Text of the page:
Fair and Just School Climate
Across the nation advocates, educators, parents, students and policymakers are recognizing the importance of fostering positive, healthy school climates. Increasingly, schools are moving away from harmful and counter-productive zero tolerance discipline policies and toward proven restorative approaches to addressing conflict in schools. Everyone thrives when a school community is a healthy living and learning climate for all.
The Latest on Fair and Just School Climate
The overuse of suspensions in Massachusetts schools is harming educational opportunities for all students, but with the burden impacting black students and students with disabilities more than other groups, according to a study released by the Center for Civil Rights Remedies and supported by the Schott Foundation. The study is the first ever to quantify the school-level days of missed instruction due to discipline, reporting both the black/white gap and the impact on students with disabilities. The report advocates that the state adopt "days of lost instruction" as an accountability measure.
In this webinar, “How to Stop the School-to-Prison Pipeline for Girls of Color,” we were joined by Dr. Monique W. Morris, author of Pushout: The Criminalization of Black Girls in Schools, and Aishatu Yusuf, who is currently working on participatory research aimed at interrupting school-to-confinement pathways for girls.
A week after the 2016 election, activists, policymakers, philanthropic leaders and scholars came together at the Boston Public Library to reflect and strategize how to pursue educational & social justice after Trump's victory.
Below are infographics Schott developed with Racial Justice NOW! in Ohio. Click here to learn more about how RJN is fighting the school-to-prison pipeline in their state.
Schott is pleased to release our latest series of infographics, this time focusing on the barriers facing Black girls in our public schools. Only through using both a race and gender lens can we see — and fix — the unique systemic problems that Black girls must deal with on a daily basis.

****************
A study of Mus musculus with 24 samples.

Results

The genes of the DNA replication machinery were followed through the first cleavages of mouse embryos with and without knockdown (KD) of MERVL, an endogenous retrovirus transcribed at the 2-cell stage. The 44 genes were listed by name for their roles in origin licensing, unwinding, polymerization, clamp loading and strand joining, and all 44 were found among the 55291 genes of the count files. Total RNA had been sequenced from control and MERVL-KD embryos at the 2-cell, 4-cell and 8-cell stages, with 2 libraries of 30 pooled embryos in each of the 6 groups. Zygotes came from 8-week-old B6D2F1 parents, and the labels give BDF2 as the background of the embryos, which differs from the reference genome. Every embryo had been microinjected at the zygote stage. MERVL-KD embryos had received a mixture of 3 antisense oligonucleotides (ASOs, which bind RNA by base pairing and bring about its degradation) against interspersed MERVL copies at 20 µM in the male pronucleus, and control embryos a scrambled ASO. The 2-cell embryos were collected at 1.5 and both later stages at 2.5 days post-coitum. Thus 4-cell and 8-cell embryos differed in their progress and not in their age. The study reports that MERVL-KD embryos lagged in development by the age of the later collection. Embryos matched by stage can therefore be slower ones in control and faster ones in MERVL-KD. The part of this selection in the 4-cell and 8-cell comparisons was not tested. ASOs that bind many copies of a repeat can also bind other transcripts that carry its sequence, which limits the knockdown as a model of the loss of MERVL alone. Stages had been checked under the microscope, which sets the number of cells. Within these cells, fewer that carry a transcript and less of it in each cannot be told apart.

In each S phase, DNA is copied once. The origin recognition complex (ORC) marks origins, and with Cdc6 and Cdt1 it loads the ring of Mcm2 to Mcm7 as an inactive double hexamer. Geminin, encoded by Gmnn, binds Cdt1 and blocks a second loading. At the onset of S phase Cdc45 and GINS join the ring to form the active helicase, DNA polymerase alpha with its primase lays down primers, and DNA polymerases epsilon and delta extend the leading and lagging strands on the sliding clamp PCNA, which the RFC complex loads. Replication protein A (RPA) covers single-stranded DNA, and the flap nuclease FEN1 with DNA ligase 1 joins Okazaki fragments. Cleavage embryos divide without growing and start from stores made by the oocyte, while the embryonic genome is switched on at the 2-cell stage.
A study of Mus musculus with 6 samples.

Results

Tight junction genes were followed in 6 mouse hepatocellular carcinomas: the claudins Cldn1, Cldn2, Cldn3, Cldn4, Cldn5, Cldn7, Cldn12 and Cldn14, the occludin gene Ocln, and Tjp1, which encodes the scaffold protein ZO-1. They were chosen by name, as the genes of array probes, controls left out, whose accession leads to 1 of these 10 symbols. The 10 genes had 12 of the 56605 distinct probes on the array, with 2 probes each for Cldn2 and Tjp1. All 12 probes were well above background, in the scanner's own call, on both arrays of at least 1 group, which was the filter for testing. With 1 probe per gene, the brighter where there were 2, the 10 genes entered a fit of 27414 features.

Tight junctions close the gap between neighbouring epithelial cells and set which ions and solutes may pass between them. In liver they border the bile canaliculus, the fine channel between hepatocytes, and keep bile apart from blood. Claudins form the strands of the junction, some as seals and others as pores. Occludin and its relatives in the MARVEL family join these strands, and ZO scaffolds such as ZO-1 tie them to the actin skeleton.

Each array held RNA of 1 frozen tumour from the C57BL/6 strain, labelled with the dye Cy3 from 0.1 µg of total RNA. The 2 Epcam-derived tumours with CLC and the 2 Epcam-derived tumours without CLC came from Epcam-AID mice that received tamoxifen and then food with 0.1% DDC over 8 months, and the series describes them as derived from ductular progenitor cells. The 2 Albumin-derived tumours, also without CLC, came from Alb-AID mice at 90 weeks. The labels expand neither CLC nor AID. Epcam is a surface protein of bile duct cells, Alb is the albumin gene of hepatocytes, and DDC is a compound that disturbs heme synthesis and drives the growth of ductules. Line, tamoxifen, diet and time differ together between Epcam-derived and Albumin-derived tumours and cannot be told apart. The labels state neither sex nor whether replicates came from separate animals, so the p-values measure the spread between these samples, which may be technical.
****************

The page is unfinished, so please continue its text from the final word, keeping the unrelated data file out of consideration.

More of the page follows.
Unfair discipline practices. Disinvestment from curriculum. Lack of supports for girls who face familial responsibilities. High rates of exposure to sexual harassment and violence. Lack of resources for counseling and addressing trauma.
These are barriers that should — and must — come down. And only through grassroots organizing can we win the change needed to ensure that all our children have an opportunity to learn and succeed in both classroom and community.
An important new report from the African American Policy Forum is a must-read for anyone committed to understanding how both race and gender impact educational opportunity in our country. Black Girls Matter: Pushed-Out, Overpoliced and Underprotected combines national data on school discipline with interviews with young women of color to paint a picture of their experiences in school and in their communities and to offer suggestions for how we can better support them.
In early October 2014, parents, students, teachers and community members attended a summit hosted by the Arkansas Opportunity to Learn Campaign. Watch this great video from the event and meet the dedicated members of this statewide campaign fighting for great public schools for all Arkansas students.
In California it costs $62,300 per year to imprison someone, but just $9,100 per year to teach a child. A new video from Californians for Safety and Justice challenges us to "do the math" when it comes to expanding the criminal justice system or investing in schools.
Many policymakers like to herald charter schools as the cure-all solution to a struggling public education system. But even if you wanted to attend one, a charter might not want you. Check out our latest infographic to find out why.